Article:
CORU, the Health and Social Care Professionals Council, is the regulator for a number of health and social care professions, including Social Workers, Radiologists, Speech and Language Therapists and Occupational Therapists, amongst others.
In a District Court prosecution this week, CORU succeeded in obtaining convictions in respect of two individuals who were found to be using the titles of ‘Occupational Therapist’ and ‘Speech and Language Therapist’ without the requisite CORU registration. Both titles are protected under the Health and Social Care Professionals Act 2005 (the “2005 Act”), as amended. Under the 2005 Act, CORU is responsible for the maintenance of several registers and has significant enforcement powers in respect of the various protected titles designated under the legislation.
CORU initiated the District Court Prosecution following several warnings to the Directors of Bright Speech and Occupational Therapy Services Limited, trading as "Bright SPOTS" in circumstances where the titles were being used by the directors of the company, when neither is entitled to do so.
Bright Spots offered Speech, Language and Occupational Therapy services for children and operated from a premises in Co. Cork. The investigation of the matter followed complaints from members of the public that the individuals involved were using the titles of “Speech and Language Therapist” and “Occupational Therapist” while not registered with CORU, constituting a criminal offence.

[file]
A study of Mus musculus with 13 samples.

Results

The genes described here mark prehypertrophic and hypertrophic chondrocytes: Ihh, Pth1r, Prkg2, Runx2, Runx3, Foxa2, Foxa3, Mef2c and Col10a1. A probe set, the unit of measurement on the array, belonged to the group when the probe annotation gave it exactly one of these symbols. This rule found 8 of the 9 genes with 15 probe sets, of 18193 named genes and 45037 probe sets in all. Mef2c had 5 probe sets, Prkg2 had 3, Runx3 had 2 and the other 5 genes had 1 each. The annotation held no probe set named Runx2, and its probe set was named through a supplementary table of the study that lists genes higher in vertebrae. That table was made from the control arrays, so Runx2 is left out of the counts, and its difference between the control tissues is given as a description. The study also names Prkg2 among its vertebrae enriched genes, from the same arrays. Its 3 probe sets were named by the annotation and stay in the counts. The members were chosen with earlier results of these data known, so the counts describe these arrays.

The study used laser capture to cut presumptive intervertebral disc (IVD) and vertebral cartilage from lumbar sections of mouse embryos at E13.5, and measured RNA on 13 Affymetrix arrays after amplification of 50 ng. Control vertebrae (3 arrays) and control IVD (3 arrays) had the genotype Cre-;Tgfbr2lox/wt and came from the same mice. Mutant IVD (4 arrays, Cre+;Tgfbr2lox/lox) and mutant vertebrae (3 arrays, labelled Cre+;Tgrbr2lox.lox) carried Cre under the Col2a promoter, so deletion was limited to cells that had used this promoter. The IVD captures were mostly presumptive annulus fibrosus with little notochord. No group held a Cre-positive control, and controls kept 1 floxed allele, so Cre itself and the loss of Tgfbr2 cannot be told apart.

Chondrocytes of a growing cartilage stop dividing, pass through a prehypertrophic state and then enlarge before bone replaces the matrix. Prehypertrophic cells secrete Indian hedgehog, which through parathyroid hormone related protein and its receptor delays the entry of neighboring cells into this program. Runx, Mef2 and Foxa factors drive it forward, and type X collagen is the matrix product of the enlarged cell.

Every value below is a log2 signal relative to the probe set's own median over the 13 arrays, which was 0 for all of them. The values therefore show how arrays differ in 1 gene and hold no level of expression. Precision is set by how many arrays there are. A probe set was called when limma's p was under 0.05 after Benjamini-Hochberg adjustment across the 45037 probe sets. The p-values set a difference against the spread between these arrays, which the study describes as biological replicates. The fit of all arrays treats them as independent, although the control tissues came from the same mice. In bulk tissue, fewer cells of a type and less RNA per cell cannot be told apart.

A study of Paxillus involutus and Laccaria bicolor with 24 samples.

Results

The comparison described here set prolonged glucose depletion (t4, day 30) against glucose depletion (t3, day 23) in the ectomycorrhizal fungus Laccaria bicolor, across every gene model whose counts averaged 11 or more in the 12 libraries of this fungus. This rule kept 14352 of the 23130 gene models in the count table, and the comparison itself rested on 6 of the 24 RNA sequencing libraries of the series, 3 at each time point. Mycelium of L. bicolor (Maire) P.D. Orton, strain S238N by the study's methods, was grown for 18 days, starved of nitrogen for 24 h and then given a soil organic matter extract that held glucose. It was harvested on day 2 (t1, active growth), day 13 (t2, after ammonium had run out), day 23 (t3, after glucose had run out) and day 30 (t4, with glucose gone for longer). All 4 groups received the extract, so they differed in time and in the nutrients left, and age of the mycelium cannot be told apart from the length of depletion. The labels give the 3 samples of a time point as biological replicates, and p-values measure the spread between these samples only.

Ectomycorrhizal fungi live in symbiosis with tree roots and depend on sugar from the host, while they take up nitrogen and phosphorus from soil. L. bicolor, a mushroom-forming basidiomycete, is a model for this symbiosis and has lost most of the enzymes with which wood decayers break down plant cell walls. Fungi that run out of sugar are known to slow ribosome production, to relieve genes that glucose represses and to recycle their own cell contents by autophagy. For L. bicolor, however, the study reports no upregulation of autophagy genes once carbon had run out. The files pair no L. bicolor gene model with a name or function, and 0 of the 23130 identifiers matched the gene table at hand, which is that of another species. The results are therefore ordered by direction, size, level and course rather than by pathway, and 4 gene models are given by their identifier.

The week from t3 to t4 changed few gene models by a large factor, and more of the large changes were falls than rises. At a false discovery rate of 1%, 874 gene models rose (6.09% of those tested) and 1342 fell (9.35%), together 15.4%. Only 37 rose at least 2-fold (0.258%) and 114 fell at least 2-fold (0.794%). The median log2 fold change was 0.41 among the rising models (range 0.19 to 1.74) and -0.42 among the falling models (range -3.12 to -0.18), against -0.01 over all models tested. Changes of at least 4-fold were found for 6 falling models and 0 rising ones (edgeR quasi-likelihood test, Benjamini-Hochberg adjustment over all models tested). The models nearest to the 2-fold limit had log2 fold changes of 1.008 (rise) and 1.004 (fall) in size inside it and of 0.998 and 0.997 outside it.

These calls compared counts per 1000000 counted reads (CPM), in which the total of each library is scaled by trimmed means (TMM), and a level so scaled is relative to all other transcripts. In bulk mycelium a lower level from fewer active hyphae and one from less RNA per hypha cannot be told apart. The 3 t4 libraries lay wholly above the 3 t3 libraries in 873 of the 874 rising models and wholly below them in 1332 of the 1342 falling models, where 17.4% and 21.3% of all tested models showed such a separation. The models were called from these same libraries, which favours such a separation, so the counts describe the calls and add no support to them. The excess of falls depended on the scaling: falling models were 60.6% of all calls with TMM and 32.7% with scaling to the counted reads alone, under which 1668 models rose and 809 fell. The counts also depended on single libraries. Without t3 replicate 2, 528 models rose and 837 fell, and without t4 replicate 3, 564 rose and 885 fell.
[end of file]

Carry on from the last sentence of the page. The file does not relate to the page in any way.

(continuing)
Whilst both individuals had obtained their qualifications in the UK, they had failed to register with CORU, notwithstanding several warning letters from the regulator, reminding them of their obligation to do so. Protected titles for the various CORU professions are detailed in Section 4 of the 2005 Act, which allows CORU to take enforcement action and/or initiate criminal proceedings against any person who uses a protected title in circumstances where he or she is not registered with CORU.
Following the entry of guilty pleas by both of the Accused, convictions were imposed by Judge Con O’Leary who imposed fines together with a nominal contribution to costs.
High Court Application
Prior to the prosecution, CORU had previously sought an injunction from the High Court requiring both individuals to cease and desist from using the titles, on foot of which undertakings were provided to the High Court to cease and desist from using the titles whilst not registered with CORU. Our previous article regarding the High Court application can be accessed here.
These successful prosecutions serve as a reminder as to the seriousness with which registration requirements will be monitored both by regulatory bodies and the Courts. This prosecution is reflective of steps taken by other professional regulators to ensure that protected titles are respected and not abused, ultimately ensuring public protection and patient safety. The facts of this particular case also serve as a reminder to registrants holding registrations in multiple jurisdictions as to the necessity of ensuring registration and entitlement to use protected titles in each of the jurisdictions where the individual intends to practise.
Lyn is an Associate Solicitor in the Healthcare team at Hayes Solicitors. Lyn advises clinical practitioners and indemnity bodies in respect of the defence of medical negligence claims and also in respect of the defence of professional disciplinary matters before Committees of inquiry.